First Place – Nanochromis parilus
Nanochromis parilus is a species of dwarf cichlid that originates from the Congo region. Usually we offer this species as wild collected ones. But currently we found a breeder that can supply us with fully grown, very healthy, gorgeous animals.
It is quite interesting that among these bred fishes two types of males appear. Some males have a red pattern in the lower part of the caudal fin, others not. Formerly it was thought among aquarists that these differences in caudal fin pattern could be used to separate N. parilus from a closely related species, namely N. nudiceps. However, nowadays we know that N. nudiceps has an overall different look.
Corydoras septentrionalis is rather rare in the trade. It occurs in Venezuela and Colombia. The species is very similar to Corydoras ellisae from Paraguay. It differs from C. ellisae mainly due to the much longer snout and the colourless fin (with a spotted pattern in C. ellisae).
We were a bit surprised to obtain that particular species from Indonesia now. There are so many species in Corydoras… But two features are very special in C. septentrionalis. First: there is a very nice metallic green shine on the body when the light falls in the right way. And twice: we hardly ever observed a species of Corydoras so far that has such a fascinating behaviour. When the males compete with each other or when the winner of the competition courts before the female this proceeding is so fast that the eye can hardly follow.
Second Place – Corydoras septentrionalis
For the first time ever we were able to import this interesting dwarf suckermouth catfish. It originates from a only recently discovered region, namely the waterfalls of Cachoeira do el Dorado in the far northern parts of Brazil, almost at the border to Venezuela. This area has not been explored ichthyologically yet. Of all the different species of Paraotocinclus described so far our new importations are most similar to P. variola, a species described only this year on the basis of specimens collected near Leticia in Colombia.
However, our fish differ from P. variola in some details. Currently we cannot say if these differences are of any importance, because our fish are very variable in respect of coloration (all specimens on the photos have the same size, eg about 3 cm total length (inclusive caudal fin)). In contrast to many other Parotocinclus of this relationship our new importations are quite hardy fish. Besides this the liveliness of the fish is worth mentioning.
Third Place – Parotocinclus cf. variola
Fourth Place – Ctenops nobilis
Chocolate gouramis are very beautiful, but demanding anabantoids. Thus they should be kept by experienced aquarists only. There are three genera of chocolate gourami, Sphaerichthys (four species), Parasphaerichthys (two species) and Ctenops (monotypical). The only species in Ctenops is nobilis, the Noble gourami from India.
It represents the largest of all chocolate gouramis and can reach 8-10 cm total length. The species is a mouthbreeder, the male is the brood caring part. Against conspecifics the Noble gourami is – like all chocolate gouramis – very aggressive during breeding season.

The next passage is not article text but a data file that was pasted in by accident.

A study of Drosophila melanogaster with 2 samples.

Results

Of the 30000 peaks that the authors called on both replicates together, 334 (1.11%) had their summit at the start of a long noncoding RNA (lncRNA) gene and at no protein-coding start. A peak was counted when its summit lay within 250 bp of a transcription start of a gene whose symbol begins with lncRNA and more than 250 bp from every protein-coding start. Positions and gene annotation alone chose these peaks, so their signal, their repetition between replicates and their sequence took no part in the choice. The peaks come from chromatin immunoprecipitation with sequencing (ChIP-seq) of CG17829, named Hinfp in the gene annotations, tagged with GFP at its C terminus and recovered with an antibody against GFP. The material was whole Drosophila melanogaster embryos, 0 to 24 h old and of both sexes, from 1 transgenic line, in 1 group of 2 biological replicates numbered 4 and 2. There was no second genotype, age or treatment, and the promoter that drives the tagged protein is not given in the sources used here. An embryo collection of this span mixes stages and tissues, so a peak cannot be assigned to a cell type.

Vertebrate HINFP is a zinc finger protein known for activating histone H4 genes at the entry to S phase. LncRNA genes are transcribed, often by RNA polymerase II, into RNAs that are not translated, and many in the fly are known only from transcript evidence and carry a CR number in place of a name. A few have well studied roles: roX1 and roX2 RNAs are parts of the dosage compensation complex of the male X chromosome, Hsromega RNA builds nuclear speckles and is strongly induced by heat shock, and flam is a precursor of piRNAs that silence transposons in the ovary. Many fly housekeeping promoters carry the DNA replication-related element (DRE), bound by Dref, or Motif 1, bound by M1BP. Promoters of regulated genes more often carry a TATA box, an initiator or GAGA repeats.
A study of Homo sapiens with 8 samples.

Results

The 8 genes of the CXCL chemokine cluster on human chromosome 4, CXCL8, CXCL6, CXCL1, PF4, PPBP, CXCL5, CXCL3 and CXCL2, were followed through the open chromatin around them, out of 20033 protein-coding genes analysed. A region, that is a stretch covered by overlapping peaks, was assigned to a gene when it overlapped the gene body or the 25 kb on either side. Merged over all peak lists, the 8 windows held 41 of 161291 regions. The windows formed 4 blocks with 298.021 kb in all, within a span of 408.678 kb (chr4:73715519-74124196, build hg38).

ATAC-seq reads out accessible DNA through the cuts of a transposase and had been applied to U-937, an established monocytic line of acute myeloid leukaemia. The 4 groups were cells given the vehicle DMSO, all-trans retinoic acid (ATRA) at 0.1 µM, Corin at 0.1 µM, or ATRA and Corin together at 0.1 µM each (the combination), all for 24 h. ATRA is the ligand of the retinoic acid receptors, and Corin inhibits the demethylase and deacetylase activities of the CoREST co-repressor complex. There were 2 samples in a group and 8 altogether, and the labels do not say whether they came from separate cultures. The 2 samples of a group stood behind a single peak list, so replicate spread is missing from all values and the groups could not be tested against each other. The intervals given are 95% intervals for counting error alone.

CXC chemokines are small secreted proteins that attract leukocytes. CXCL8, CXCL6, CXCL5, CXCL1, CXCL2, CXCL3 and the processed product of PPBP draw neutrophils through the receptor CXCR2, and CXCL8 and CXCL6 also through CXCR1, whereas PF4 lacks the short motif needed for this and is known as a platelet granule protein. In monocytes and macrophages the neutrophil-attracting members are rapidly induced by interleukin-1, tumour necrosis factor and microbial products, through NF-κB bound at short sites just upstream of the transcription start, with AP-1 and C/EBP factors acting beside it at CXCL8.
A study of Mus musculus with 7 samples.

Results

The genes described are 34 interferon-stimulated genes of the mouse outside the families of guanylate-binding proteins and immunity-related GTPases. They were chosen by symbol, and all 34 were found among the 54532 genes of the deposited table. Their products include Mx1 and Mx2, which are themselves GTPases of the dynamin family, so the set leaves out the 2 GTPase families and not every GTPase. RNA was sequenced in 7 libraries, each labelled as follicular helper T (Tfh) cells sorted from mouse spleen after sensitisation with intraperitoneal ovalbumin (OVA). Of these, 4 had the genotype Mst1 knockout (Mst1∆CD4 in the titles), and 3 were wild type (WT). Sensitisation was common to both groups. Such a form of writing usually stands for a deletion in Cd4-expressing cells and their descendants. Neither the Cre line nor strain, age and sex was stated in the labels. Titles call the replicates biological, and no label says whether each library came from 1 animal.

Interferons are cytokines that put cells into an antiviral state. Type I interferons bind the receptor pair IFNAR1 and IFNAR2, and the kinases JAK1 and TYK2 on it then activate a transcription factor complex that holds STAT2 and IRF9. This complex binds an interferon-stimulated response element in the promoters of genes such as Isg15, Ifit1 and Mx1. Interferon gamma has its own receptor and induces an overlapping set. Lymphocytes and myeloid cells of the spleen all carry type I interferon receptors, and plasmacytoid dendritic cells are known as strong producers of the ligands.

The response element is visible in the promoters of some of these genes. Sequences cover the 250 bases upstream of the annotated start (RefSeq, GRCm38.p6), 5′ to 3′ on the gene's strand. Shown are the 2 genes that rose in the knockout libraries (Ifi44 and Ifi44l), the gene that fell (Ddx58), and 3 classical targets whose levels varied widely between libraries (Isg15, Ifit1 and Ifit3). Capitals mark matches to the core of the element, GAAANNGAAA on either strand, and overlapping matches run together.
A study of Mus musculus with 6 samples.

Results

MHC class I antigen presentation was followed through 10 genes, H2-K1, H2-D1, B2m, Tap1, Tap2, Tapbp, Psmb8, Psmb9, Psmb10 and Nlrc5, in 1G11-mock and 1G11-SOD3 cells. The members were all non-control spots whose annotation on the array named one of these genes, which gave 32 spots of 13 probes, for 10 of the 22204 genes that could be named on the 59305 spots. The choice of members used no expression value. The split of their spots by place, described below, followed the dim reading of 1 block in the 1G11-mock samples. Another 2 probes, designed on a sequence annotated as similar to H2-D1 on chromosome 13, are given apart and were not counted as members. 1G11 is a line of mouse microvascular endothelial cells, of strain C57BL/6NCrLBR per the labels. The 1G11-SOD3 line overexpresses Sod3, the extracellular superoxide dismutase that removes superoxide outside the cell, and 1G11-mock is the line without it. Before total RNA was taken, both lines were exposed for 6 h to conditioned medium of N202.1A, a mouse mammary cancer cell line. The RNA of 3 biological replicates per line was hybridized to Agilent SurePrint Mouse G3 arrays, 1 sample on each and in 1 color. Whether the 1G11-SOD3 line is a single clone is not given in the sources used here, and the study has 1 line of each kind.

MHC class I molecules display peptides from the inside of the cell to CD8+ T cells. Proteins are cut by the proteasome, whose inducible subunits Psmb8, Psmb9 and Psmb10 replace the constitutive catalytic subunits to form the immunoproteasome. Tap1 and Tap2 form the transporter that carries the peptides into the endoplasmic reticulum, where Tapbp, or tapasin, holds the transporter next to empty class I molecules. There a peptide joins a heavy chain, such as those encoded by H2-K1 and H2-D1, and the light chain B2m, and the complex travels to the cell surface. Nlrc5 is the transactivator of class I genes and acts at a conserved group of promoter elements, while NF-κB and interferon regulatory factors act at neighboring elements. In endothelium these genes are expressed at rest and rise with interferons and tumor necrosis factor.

The fish lives in subtropical regions and needs an imitation of the seasons (hot and dry summers, cool and rainy monsoon seasons) to stay healthy under aquarium conditions. On the other hand the species is undemanding regarding water chemistry. Syntopical species are for example zebra barbs (Danio rerio), rosy barbs (Pethia conchonius) or dwarf gouramis (Colisa lalia).
Fish that do not belong to their own species are ignored by Noble gouramis as well as plants are. As Ctenops nobilis stays very shy in a single species tank it makes sense to combine it with other, peaceful fish like the ones named above.
Lexicon: Ctenops: ancient Greek, means “comb-eye”; this refers to an anatomical structure. Nobilis: Latin, means “noble”. Sphaerichthys: ancient Greek, means “conglobate fish”. Parasphaerichthys: ancient Greek, means “beside Sphaerichthys”, referring to a presumed relationsship to Sphaerichthys.
Common name: Noble gourami
Fifth Place – Gymnotus stenoleucus
The knifefishes of the genus Gymnotus are the most attractive knifefishes at all – at least in respect of the coloration. They are so to say small Electric Eels. However, the electric impulses produced by Gymnotus are much weaker. They are used only for communication and for orientation and can be compared with the echolocation of the bats. Species of Gymnotus are medium sized fishes and reach a total length between 10 and 40 cm.
Sadly all members of the genus are very aggressive against conspecifics. So it is extremely difficult to keep them in groups. This is a sad thing, for at least one of the numerous species of Gymnotus has been proven in the meantime to be a mouthbrooder. So a lot of interesting observations can expected during a successful breeding.
Gymnotus stenoleucus is one of the smaller species of the genus. So far no specimens longer than 15 cm have been reported. Our specimens are even smaller, namely between 7 and 10 cm. They originate from Peru.